A new study suggests that we shouldn’t be wasting time on the debate to ban supersized sodas, at least in terms of fighting childhood obesity. Researchers say soda is not a main culprit of childhood obesity; in fact, the link between the consumption of sweetened beverages and obesity is weak at best.
The Canadian study, which will be published in the October issue of Applied Physiology, Nutrition, and Metabolism, found that the main predictors of childhood obesity (at least among Canadian children) was household income, ethnicity, and household food security. In other words, it all comes down to money.
But soda is cheap, and supersizing is a bargain! How many times have you bought something just because it’s a great deal? Moreover, the study found that the intake of sweetened beverages does in fact play a factor in 6 to 11-year-old boys’ risk of obesity. So, perhaps soda isn’t the direct cause of childhood obesity, but when times are tough, fast food and other giant supersized deals are more economical.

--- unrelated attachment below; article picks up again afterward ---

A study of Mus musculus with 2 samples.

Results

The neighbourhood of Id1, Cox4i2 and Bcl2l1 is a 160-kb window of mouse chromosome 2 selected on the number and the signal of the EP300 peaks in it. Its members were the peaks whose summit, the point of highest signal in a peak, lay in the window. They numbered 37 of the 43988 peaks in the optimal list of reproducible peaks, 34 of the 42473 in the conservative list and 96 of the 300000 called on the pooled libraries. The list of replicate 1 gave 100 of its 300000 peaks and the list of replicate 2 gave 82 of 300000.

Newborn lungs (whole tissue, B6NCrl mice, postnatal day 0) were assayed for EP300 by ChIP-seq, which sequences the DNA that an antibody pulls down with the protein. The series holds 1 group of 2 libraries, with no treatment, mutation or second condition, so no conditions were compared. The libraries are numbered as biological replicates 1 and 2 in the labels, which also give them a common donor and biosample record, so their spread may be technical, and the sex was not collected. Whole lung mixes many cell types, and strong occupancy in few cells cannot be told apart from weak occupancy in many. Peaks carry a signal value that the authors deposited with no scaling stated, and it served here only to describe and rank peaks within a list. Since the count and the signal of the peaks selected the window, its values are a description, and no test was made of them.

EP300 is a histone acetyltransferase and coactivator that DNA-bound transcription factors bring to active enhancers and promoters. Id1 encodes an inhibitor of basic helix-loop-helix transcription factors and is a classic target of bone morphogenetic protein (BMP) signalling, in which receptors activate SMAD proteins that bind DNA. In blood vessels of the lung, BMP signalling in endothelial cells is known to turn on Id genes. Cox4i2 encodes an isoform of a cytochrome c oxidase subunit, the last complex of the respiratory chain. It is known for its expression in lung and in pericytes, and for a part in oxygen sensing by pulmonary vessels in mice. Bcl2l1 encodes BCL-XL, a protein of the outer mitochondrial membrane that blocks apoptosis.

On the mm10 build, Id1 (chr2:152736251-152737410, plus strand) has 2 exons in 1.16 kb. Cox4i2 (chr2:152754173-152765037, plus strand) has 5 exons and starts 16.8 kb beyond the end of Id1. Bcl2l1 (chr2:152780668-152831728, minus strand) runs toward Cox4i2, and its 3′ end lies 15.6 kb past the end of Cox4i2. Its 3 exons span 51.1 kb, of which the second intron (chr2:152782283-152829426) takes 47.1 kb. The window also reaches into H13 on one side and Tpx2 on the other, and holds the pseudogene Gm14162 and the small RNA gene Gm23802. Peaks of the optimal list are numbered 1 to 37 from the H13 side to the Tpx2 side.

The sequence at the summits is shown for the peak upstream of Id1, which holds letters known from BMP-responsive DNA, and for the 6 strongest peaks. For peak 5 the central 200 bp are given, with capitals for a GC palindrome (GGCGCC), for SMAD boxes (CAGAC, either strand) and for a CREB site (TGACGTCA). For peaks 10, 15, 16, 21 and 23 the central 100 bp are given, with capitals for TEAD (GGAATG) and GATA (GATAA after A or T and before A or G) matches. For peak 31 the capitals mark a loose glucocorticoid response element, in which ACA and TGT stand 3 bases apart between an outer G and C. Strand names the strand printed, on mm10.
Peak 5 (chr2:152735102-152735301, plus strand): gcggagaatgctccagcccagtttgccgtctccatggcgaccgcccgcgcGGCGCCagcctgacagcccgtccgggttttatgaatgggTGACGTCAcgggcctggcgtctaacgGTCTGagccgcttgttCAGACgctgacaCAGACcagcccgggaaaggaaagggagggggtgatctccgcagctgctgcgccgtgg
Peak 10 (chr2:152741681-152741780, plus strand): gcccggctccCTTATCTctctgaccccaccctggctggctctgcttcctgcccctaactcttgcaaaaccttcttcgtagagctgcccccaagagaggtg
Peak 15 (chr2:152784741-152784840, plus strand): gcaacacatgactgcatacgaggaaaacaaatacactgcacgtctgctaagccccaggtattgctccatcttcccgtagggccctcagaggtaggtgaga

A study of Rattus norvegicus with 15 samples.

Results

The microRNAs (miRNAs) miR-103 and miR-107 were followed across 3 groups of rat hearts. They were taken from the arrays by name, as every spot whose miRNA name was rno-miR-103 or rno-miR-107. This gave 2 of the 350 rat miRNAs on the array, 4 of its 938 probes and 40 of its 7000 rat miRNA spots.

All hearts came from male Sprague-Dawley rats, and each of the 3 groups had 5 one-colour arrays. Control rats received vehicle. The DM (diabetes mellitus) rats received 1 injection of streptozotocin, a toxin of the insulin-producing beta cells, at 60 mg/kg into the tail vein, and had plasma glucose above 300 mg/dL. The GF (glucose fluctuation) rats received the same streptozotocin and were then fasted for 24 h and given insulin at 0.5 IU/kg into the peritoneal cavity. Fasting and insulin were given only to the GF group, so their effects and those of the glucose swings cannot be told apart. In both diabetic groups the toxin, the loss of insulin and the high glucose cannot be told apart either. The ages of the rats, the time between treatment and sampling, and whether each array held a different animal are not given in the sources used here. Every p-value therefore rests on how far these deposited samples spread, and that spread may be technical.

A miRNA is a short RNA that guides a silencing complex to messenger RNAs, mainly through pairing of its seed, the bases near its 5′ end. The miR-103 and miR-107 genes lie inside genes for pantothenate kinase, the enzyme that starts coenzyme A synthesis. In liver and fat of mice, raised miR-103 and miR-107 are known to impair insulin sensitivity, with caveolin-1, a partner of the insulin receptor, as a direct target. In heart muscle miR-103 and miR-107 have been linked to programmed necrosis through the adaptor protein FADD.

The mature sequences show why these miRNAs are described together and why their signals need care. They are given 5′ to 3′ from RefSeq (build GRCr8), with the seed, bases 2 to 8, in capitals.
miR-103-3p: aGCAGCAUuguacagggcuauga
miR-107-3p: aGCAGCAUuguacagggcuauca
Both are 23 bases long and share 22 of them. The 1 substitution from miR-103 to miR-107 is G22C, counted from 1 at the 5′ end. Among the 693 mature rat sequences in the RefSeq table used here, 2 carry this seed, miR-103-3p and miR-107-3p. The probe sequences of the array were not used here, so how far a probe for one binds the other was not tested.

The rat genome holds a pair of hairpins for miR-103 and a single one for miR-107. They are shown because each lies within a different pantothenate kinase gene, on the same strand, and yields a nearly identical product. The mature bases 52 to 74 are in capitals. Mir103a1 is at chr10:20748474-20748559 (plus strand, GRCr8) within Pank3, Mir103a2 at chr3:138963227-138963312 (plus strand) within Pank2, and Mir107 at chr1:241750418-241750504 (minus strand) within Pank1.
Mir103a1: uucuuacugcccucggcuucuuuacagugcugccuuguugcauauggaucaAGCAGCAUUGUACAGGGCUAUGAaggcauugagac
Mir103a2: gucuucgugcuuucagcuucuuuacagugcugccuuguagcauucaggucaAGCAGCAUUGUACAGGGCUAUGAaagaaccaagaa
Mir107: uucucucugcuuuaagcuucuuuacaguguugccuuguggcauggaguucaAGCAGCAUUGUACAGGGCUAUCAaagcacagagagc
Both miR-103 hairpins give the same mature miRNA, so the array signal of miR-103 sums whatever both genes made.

Maybe a ban on supersized sodas isn’t what this country needs, maybe what this country needs is more education when it comes to nutrition and wellness. The average American is aware that soda is an unhealthy choice, but not everyone knows they are guzzling down nearly 100 grams of sugar when they order a large soda, or worse, that the majority of juice has nearly the same sugar content.
Bottom line: Soda is not the main cause of childhood obesity, but it does play its role. Mayor Michael Bloomberg’s initiative to combat rising obesity in NYC with a soda limit may not end the obesity epidemic, but at least it’s a step in the right direction.